Police sergeant brings humanity to the forefront of his new position as LGBT liaison
SAN DIEGO, California -- As the LGBT liaison, San Diego Police Sgt. Daniel Meyer brings 10 years of service on the force to Hillcrest and surrounding areas. Aside from protecting citizens, he is also determined to make sure people know that police officers are people, too.
Meyer grew up in Woodland, California and made his way to San Diego when he was 2 years old. Like most kids, he played sports and by his own admission says “I was a hyper kid who at times, as my parents described it, bounced off the walls as a child.”
His parents were strict, yet caring and supportive. Meyer often looks back at his childhood and credits his parents for providing a stable and positive foundation, leading him to the successes and achievements he has accomplished.
His mother, Cindy, just may be the reason Meyer became a police officer in the first place. She is also an officer and has been on the police force for more than a dozen years.
“My mom found her own passion to be in law enforcement and still is an officer for the San Diego Police Department,” Meyer said. “She has been with the department for approximately 13 years and was a Corrections Deputy Sheriff for the San Diego County Sheriff’s Department. Currently, she works in the department’s Vice Administration Unit.”
It’s clear that Meyer shares that same passion for the force as his mom.
“It sounds so cliché [to say] ‘I want to help people and make a difference’ but it accurately describes my desire to become a police officer. It seemed every time I turned on the news some gruesome crime had occurred. Oftentimes it was in our neighborhood, or city, or county. I saw people being victimized and targeted simply because they were in the wrong place at the wrong time.
"As a kid growing up, I always felt like I cared about people and empathized with them more than most people did. As a police officer, this quality has to allowed me to help people in ways I never thought I could. Sometimes, when a person has been victimized, the police officer responding to their call for help is the only thing that can change how they are feeling. Seeing someone go from complete terror and fear to a feeling of safety and security because of your presence or because you have apprehended their offender provides a tremendous feeling of worth and public service.”
Being openly gay, Meyer pays special attention to the LGBT community by taking part as an LGBT liaison and being on the Chief’s LGBT Advisory Board.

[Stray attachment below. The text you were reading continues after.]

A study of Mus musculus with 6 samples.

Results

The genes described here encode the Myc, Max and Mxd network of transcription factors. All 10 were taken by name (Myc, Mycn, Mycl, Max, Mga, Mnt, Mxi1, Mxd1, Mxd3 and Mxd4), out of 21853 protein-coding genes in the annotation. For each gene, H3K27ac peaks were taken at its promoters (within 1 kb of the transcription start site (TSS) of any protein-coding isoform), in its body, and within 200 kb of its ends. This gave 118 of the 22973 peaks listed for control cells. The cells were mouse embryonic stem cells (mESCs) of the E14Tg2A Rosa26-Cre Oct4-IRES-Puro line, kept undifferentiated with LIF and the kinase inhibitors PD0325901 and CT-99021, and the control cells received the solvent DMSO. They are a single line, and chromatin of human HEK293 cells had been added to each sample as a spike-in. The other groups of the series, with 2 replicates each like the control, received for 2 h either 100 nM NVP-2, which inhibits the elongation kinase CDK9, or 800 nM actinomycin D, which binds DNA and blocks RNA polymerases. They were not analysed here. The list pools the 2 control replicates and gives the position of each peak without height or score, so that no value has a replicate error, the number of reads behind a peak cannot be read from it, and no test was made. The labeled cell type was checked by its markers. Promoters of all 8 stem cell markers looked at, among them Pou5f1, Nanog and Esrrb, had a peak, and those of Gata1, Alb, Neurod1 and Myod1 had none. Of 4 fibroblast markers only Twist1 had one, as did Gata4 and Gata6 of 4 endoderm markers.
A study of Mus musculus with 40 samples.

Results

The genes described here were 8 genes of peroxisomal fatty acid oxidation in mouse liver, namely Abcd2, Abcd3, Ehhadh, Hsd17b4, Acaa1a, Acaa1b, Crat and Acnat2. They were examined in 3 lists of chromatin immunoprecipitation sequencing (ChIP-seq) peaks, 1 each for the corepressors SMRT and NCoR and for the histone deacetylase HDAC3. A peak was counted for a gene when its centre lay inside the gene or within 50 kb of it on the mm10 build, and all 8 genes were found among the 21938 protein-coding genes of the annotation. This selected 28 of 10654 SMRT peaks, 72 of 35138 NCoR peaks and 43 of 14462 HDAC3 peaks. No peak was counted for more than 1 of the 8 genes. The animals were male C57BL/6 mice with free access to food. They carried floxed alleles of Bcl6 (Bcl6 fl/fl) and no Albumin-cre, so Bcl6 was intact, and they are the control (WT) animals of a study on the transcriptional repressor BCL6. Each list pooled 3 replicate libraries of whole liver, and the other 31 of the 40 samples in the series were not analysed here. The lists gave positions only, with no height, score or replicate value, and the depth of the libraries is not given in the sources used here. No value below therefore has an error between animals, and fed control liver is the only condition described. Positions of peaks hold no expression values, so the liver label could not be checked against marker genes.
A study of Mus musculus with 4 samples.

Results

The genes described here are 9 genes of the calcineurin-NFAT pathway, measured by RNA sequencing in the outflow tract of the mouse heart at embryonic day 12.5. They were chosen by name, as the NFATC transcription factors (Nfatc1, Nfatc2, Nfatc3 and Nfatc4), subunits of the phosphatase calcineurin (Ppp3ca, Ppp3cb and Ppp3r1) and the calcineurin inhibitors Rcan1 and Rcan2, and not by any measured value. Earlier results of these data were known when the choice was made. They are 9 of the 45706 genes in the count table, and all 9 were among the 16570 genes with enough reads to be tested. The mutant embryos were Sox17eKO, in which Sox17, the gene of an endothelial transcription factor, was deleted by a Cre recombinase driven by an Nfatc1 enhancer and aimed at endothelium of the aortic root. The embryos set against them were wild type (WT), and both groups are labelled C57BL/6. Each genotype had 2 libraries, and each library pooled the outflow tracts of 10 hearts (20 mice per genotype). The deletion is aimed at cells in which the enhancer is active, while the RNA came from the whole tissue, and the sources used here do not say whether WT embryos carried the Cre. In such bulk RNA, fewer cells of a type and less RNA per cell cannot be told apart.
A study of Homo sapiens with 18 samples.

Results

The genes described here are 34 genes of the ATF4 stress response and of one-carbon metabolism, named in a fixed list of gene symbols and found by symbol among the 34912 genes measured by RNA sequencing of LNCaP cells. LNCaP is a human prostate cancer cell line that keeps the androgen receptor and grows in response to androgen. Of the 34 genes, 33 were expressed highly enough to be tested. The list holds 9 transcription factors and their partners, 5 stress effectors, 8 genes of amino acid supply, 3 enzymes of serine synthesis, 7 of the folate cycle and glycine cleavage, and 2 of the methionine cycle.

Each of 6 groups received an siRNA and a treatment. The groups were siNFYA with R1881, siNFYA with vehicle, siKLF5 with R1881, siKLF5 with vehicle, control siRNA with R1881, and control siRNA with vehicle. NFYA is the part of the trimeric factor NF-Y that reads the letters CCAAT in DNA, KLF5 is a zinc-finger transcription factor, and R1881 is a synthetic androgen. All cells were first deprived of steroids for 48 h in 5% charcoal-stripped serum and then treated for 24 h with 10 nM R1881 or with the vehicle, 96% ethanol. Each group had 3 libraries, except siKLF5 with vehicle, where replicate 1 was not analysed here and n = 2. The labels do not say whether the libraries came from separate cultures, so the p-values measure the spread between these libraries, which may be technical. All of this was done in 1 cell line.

“Diversity within the community and the department is extremely important to our organization," Meyer said. “Chief Shelley Zimmerman believes in a close and constant working relationship with every community and this stance certainly applies to the LGBT community.
On a more personal level, Meyer is no different than most people. His time off is spent with his family and close friends who are very important to him. He's a dedicated police sergeant by day and a fun-loving single guy when off the clock.
“I am a pretty simple person,” Meyer said. “I try to stay active and have a huge passion for racquetball and snowboarding. My biggest passion in life is traveling. Experiencing other cultures, food and ways of life has become a mission for me. I’ve visited 24 countries so far and simply can’t say I will ever stop. Seeing the world has opened my eyes and continues to challenge me in ways I would have never thought possible.”
There is one thing Meyer wants the citizen’s of San Diego to know, aside from knowing that they are protected, and that’s that police officers are just like everyone else.
“It seems too often that people forget that officers are people too,” Meyer added. “We feel emotional and physical pain just as anyone else. However our humanistic feelings can sometimes be forgotten. Our officers are here each and every day working hard to keep our communities safe for everyone. I know this to be true because I am a personal witness to their hard work and dedication to duty. No one can say officers don’t make mistakes, because they do. I am the first to admit that I have made mistakes in the past and I will make mistakes in the future. It is that very thing that makes us human. My request of everyone is to remember that fact and think about it the next time you deal with an officer.”